Strong demand says report
Record deals as property investors shrug off Brexit
Most areas have reported strong demand, according to latest data from Savills, with the exception of Aberdeen where the oil price slump remains the biggest issue.
A huge over-supply in Aberdeen is seen as an opportunity for companies wanting to trade up, while some landlords may be forced to demolish empty property because of new tax demands.
Nick Penny, director in the investment team at Savills Scotland, said: “In line with the other regional markets, Scotland has seen the greatest volume of overseas investment ever recorded and we believe that this trend could well continue as overseas investors look to take advantage of the weaker pound.
“Overall, appetite remained strong in the lead up to the referendum, which is reflected in the transaction volumes we have seen in the first half of the year.
“Since the end of June, the principal prime office investment buyers have been overseas, with Triuva acquiring Waverleygate (pictured) and non domestic money buying Princes Exchange / New Uberior House in Edinburgh.”
David Cobban, director in the office agency team in the Glasgow office at Savills, said: “Glasgow enjoyed a strong start to the year, with take-up reaching 430,000 sq ft, 57% above the first half five year average for the city centre.
“This was driven by the 155,000 sq ft pre let of the Bothwell Exchange to Morgan Stanley, the largest office deal in the UK regional city centres in the first half of 2016.
“Only 130,000 sq ft of new Grade A offices remain available which will influence take-up activity in the second half of the year however, high-spec refurbished options coming to the market shortly will mean there are still good options for occupiers.
“We expect total annual take-up for 2016 to outperform last year’s figures.”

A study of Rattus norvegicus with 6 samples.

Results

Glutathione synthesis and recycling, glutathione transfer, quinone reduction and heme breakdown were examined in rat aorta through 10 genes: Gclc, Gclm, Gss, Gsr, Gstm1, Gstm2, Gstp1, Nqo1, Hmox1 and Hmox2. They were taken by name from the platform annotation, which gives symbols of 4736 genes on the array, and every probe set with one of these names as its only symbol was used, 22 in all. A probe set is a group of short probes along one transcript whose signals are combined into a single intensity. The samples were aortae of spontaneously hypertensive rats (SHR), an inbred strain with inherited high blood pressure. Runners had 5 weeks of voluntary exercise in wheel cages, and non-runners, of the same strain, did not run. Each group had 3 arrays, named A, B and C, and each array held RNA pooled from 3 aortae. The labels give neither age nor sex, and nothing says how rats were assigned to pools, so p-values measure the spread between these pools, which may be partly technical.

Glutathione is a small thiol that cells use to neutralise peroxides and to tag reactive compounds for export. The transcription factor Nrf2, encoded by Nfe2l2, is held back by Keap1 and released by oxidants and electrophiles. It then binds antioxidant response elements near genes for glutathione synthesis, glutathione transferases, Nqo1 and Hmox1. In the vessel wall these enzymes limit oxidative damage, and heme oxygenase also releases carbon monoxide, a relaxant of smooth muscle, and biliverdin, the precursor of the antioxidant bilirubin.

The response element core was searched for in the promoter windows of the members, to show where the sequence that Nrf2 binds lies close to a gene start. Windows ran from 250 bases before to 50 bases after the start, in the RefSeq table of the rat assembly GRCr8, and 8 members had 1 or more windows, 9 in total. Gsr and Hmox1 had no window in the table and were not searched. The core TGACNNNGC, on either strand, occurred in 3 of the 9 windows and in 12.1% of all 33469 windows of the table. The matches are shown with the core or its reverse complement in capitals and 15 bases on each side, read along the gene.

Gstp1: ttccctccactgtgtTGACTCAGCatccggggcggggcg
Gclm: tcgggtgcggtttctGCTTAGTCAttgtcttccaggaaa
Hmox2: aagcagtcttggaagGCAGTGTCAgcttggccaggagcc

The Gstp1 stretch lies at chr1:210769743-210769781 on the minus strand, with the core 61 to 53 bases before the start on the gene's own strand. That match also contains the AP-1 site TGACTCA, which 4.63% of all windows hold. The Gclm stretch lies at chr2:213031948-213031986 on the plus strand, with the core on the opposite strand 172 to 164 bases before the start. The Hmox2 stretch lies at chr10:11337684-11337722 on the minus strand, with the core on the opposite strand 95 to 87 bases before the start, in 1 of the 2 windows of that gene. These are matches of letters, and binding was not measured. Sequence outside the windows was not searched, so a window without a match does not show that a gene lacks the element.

Keith Dobson, director in the firm’s Edinburgh office, said: “Edinburgh’s office market continues to be a tale of limited supply and healthy demand, driving pre-lets on several new schemes, an uptick of interest in the out-of-town market and a search for refurbishment opportunities in the city centre.”
Simpson Buglass in the Aberdeen office said: “In contrast to Glasgow and Edinburgh, the office market in Aberdeen continues to suffer from low levels of demand and consequential over-supply at c.2m sq ft.
“In terms of the local property market Brexit was a relative non-event as focus remained firmly fixed on the fortunes of Brent Crude price recovery.
“That said, a depreciated pound has undoubtedly made our exporters more competitive and with oil and gas uplift costs proportionately cheaper against a product priced in $US the exchange rate adjustment will have been a benefit to the UK oil and gas sector which has a major influence over the Aberdeen property market.
“Those companies in a position to move office are definitely showing a distinct preference towards higher quality products which in turn must marginalise functionally and economically redundant office stock towards extensive and expensive refurbishment or else demolition and redevelopment.
“The spectre of vacant property rates in a challenging market may propel many building owners down the demolition and redevelopment route.
“The few transactions which have taken place and office requirements which are circulating have been driven by occupier events such as lease terminations and break-options, and with landlord’s competing for tenants it is undoubtedly the best market for years for those office occupiers in a position to consider a move.”